According to a War and Peace Index survey published Sunday, as for the future coalition, 36 percent of those polled expressed a preference for a unity government made up of the center-right Likud party, centrist Kadima party and left-wing Labor party.

Meanwhile, 22 percent opted for a Likud-led rightist coalition and 16 percent would prefer a coalition made up of the Likud, Kadima and right-wing Israel Beiteinu, which is the third largest party in the 18th Knesset (parliament), revealed the War and Peace Index.

The index, conducted by the Tami Steinmetz Center for Peace Research, is published monthly since 1994, and is compiled of a monthly telephone survey of 600 Israeli citizens representing various sectors in the Israeli society.

The poll, which probed Israeli public's sentiment following the February 10th parliamentary election, also indicated that some 43 percent of those polled defined themselves as rightists, 26 percent said they were centrists and 20 percent were affiliated with the political left.

Earlier on Sunday, during the weekly cabinet meeting, Israeli Prime Minister Ehud Olmert urged Likud party leader Benjamin Netanyahu to form a coalition government fast.

Olmert also praised Israeli President Shimon Peres' decision to task Netanyahu with forming the new government, saying that Israel needs a strong and stable government in order to contend with the challenges it faces.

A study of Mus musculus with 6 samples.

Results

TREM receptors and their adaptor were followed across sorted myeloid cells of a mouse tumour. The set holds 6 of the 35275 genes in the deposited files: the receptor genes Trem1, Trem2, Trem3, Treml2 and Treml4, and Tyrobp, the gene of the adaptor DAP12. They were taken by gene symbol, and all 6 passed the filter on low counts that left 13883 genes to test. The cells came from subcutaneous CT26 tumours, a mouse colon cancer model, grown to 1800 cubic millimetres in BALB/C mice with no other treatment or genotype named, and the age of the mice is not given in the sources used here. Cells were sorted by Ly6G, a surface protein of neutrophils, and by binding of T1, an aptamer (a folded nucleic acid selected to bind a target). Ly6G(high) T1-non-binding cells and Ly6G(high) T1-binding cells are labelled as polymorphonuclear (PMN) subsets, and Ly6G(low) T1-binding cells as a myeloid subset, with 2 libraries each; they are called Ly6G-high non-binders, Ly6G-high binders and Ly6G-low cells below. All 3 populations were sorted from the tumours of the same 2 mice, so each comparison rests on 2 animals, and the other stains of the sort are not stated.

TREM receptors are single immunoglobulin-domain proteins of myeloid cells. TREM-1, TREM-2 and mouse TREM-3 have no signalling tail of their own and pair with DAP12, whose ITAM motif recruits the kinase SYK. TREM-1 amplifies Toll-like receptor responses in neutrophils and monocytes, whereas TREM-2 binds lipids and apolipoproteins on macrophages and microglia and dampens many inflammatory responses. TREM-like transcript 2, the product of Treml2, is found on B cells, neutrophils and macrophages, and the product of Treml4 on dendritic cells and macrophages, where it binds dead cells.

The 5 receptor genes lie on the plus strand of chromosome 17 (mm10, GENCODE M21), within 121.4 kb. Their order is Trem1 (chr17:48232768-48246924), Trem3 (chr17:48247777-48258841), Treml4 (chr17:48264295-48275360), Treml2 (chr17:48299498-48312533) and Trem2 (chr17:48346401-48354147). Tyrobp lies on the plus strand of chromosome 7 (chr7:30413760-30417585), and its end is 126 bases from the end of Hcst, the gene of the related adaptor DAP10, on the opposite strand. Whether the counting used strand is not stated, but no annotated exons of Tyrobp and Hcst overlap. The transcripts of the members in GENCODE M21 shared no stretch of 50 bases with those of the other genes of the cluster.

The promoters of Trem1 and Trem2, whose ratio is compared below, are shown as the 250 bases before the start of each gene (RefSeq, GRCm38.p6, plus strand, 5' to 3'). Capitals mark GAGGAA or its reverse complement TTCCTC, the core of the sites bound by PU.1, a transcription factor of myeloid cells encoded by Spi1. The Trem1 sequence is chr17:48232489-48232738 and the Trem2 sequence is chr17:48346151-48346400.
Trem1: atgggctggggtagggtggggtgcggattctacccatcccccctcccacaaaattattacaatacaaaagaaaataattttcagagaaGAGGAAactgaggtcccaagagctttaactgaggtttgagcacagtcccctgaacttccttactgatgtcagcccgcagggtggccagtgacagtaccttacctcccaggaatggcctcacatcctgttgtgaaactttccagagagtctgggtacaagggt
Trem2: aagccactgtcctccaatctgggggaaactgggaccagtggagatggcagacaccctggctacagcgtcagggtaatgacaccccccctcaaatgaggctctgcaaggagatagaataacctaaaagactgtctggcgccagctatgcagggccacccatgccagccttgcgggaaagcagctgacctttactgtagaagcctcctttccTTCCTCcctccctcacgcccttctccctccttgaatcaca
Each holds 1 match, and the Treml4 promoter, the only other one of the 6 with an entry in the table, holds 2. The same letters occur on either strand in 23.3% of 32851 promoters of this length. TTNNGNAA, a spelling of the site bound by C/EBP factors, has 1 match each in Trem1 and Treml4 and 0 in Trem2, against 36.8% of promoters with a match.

On Friday, Peres officially entrusted Netanyahu with the task of building a coalition, ten days after the parliamentary election.

Netanyahu, upon accepting the mission, called on Kadima chairwoman Tzipi Livni and Labor party leader Ehud Barak to work with him, adding "I urge all Knesset factions to join me in coalition."

Netanyahu, who was previously the 9th prime minister of Israel from June 1996 to July 1999, would then have 42 days to forge a coalition government. Until the new government is formed, Olmert, who was forced to resign amid a corruption scandal, will remain in office as caretaker prime minister.